The government's $19 billion incentive package to compel doctors and hospitals to digitize their inefficient paper record systems is nice and shiny. But until a platform exists to support the easy yet secure flow of highly sensitive personal information, that promise could also be empty.
Seeing a business opportunity, General Electric unveiled on Thursday its new unit, eHealth, a suite of solutions that aims to provide the necessary infrastructure. (GE reports that it is investing $90 million to launch eHealth.) It is a daunting task, but if it works, a digital record system that streamlines connectivity between clinicians and patients would eventually cost less, work faster, and reduce medical errors, some of which can be fatal.
GE is not the first to try to set up health information-sharing networks, which are currently called Health Information Exchanges. (They used to be called Community Health Information Networks and later Regional Health Information Organizations.) Without any incentive to make the transition, most hospitals and clinics didn't.
An initial $564 million seed grant, dispersed from the federal government to states, has been established to convince them to make the move. But to qualify for payment, hospitals and clinics will need to be able to use electronic health records that can travel securely across networks.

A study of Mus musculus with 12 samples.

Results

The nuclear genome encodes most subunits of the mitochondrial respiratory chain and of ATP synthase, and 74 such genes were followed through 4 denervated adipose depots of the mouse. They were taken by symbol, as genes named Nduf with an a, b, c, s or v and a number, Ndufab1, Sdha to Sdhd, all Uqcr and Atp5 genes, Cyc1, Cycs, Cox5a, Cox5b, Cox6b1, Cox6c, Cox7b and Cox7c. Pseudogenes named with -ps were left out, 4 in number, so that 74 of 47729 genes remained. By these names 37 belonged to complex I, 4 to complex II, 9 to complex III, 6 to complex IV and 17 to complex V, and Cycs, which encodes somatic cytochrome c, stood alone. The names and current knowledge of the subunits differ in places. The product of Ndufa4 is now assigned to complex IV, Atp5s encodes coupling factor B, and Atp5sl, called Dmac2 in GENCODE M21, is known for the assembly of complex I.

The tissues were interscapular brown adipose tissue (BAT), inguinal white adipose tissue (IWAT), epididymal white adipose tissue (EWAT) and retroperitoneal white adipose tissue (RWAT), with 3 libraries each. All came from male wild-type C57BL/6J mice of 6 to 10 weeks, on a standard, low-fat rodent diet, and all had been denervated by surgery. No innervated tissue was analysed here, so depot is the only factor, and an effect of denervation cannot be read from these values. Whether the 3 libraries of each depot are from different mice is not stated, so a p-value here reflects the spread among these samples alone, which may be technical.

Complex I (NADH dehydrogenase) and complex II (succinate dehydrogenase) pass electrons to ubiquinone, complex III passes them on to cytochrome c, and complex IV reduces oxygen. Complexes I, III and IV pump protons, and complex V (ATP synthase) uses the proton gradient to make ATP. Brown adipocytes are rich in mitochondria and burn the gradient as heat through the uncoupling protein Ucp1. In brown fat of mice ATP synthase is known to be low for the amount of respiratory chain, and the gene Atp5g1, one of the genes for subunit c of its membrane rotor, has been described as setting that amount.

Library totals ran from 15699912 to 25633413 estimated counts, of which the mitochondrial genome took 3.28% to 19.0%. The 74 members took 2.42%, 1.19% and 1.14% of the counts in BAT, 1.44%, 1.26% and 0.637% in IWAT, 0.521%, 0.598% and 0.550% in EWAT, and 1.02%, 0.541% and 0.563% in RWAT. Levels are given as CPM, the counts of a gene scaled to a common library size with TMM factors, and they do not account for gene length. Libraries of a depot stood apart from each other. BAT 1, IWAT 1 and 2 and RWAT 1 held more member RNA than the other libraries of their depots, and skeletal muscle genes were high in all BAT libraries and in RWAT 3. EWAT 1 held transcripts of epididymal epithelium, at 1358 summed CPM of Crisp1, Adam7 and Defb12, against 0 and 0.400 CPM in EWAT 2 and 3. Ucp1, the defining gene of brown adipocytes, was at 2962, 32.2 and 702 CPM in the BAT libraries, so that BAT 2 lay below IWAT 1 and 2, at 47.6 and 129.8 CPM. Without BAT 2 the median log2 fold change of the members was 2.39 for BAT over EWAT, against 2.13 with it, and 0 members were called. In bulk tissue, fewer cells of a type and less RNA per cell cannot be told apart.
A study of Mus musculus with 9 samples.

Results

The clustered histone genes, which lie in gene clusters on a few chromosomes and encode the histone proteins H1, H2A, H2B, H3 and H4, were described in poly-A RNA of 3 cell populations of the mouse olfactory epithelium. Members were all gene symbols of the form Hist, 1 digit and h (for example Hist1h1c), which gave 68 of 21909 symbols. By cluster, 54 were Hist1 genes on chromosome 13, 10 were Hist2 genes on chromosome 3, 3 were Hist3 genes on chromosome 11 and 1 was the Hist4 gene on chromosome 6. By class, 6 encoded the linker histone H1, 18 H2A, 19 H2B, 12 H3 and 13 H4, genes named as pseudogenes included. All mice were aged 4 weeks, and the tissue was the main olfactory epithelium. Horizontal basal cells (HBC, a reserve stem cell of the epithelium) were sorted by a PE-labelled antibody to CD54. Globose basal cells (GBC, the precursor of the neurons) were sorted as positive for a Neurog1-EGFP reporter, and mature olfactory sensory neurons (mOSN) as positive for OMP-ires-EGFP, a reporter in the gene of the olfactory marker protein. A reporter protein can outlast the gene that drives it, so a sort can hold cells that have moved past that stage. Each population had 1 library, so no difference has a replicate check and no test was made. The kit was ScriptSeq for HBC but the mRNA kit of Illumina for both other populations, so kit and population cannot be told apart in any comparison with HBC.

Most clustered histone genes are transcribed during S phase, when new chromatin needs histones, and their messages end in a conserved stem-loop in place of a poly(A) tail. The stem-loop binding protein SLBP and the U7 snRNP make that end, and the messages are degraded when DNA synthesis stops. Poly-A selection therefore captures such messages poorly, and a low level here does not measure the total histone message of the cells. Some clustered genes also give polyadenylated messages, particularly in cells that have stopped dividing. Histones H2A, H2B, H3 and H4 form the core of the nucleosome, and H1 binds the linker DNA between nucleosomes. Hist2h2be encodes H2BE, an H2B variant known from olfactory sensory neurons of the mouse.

"eHealth provides the next level of connectivity," says Jim Younkin, IT program director for Geisinger Health System, which has utilized GE technologies through the Keystone Health Information Exchange, a sort of pilot project that already serves 31 counties in Pennsylvania. "More than 345,000 patients have registered for our exchange, and those patients have given their health care providers at eight hospitals and other regional health facilities timely access to relevant information through a secure connection. This, in turn, helps ensure these patients receive optimal care."
At this point, eHealth is focusing on patient health records, an information exchange infrastructure to share those records, documentation formatted specifically for clinicians, and the matching of patient documentation from a range of sources and organizations. Gone will be the days of such annoyances as squinting at bad handwriting, paying to have health records mailed from one office to another, and keeping track of just how many X-rays you've had in the past year.
Eventually, Health Information Exchanges could include automated notifications to primary physicians as patients are admitted to or released from hospitals, as well as the ongoing aggregation of a patient's lab results to better inform that patient's caregivers, Younkin says.
There will be, of course, at least one casualty of the widespread adoption of electronic health records: the demise of paper supply companies near you. At least everybody's favorite lives on--in its delightfully ironic digital format.